The Alliance for Social Equity and Public Accountability (ASEPA), says the response of the Commission on Human Rights and Administrative Justice (CHRAJ) to its petition requesting a probe of the Chief Justice is disappointing.
ASEPA petitioned CHRAJ on July 12, 2021, asking the Commission to investigate allegations of bribery and corruption against the Chief Justice under Article 218(a) and (e) of the 1992 Constitution.
But in a response to the request, CHRAJ declined to probe the matter because ASEPA had also petitioned the presidency which has begun work on the request.
According to CHRAJ, it took such a discretionary action because it realized that ASEPA had also petitioned the presidency over the same issue.
“Since the matter is pending in the appropriate constitutional forum, the commission, in the exercise of its discretion under Section 13 of Act 456, hereby ceases to investigate the complaint any further as the invocation of the Article 456 proceedings has effectively taken the matter out of the forum of the commission,” CHRAJ said in a letter addressed to ASEPA.
However, the Executive Director of ASEPA, Mensah Thompson in a Citi News interview described CHRAJ’s posturing as unfortunate.
“If you read the case in point that CHRAJ cited as the basis for truncating this process, they claim that when a plaintiff sues the same defendant in two courts, the plaintiff is elected to stay one of the proceedings and so when CHRAJ during their preliminary investigation realized that another constitutional process has been activated, did they write to us the plaintiffs to stay one of the proceedings and proceed with the other.”
“So with their own explanation, and their own case in point CHRAJ decided to unilaterally, violate the right of the plaintiffs by deciding for us which of the two processes to stay. We find this very unfortunate and disappointing.”
ASEPA petitioned the President in July 2021 to initiate an impeachment process against Chief Justice Kwasi Anin-Yeboah, following bribery allegations made against him by a Kumasi-based lawyer, Akwasi Afrifa.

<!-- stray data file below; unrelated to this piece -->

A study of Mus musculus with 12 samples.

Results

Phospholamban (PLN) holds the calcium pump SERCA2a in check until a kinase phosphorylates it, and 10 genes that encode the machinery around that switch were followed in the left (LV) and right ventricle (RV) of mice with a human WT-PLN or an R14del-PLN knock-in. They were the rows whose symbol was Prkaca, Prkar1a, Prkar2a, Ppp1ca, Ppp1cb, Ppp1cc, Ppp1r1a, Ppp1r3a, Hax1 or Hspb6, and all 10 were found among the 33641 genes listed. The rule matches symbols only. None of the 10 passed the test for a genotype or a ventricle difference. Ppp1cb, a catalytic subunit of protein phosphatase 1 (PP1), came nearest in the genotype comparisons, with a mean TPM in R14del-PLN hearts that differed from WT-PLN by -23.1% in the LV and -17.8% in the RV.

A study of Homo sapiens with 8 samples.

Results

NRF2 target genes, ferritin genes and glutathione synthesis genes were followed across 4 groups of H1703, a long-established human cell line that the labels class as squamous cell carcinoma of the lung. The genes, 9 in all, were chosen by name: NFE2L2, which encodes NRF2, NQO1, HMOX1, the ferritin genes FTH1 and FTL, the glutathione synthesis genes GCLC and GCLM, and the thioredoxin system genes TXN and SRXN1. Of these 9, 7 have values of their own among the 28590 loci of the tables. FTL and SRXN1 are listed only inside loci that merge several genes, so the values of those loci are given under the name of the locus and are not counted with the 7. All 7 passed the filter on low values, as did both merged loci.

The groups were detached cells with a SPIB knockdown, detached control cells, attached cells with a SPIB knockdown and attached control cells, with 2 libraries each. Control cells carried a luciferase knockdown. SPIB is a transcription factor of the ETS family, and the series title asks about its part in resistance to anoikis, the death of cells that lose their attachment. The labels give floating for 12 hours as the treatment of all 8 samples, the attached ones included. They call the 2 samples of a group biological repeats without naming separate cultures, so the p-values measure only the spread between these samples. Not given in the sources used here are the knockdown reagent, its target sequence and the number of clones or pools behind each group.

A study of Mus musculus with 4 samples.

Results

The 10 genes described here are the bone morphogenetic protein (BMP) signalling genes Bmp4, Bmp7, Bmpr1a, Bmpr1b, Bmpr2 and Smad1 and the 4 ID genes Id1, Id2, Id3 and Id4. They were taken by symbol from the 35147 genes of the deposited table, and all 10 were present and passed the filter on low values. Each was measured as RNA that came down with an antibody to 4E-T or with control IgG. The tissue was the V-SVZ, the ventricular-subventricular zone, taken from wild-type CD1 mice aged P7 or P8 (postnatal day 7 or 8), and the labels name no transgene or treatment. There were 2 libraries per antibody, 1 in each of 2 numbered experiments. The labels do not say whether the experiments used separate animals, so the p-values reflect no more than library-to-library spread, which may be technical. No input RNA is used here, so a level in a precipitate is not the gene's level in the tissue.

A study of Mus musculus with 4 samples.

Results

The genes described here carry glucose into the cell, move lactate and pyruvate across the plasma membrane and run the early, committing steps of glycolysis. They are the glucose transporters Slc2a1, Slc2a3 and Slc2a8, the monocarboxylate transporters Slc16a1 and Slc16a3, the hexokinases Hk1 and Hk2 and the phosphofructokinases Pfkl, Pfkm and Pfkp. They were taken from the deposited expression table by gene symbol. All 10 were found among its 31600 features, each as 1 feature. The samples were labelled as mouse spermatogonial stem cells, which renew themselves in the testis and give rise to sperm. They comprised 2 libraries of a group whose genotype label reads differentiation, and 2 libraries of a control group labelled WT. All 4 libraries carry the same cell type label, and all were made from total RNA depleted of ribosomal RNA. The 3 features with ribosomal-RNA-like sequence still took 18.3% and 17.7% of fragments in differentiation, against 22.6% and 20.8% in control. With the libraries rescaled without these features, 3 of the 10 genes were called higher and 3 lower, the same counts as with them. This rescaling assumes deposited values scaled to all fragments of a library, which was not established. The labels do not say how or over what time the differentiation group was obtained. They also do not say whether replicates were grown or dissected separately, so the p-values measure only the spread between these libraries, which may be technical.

The bribery allegations against the Chief Justice were contained in a response Mr. Akwasi Afrifa, a lawyer, gave in a petition filed against him by his client, Ogyeedom Kwesi Atta IV at the disciplinary committee of the General Legal Council.
Ogyeedom IV dragged Mr. Afrifa to the GLC, alleging that the lawyer collected $100,000 from him with a promise to help get a favourable judgement on his behalf.
Ogyeedom Atta IV asked the Council to order Mr. Afrifa to refund the $100,000, saying the lawyer failed to deliver on his promise.
In a response dated July 8, 2021, Mr. Afrifa denied the claims by Ogyeedom Kwesi Atta IV, further alleging that he was asked to refund $300,000 in legal fees to enable his client to raise a $5 million bribe to be paid to the Chief Justice to get a favourable decision in the legal dispute.
Justice Anin-Yeboah has already denied the bribery allegations made against him.
Council of State presents report to Akufo-Addo
The President subsequently referred the petition to the Council of State. The Council on Friday, August 20, 2021, presented its report to the President.
President Nana Addo Dankwa Akufo-Addo on his part said he will study the report and announce his decision to the public.
“I will apprise you [Council of State] of my own findings on the matter. I am hoping that my consultation will establish that there is unanimity between you and me on this matter before we can go on.”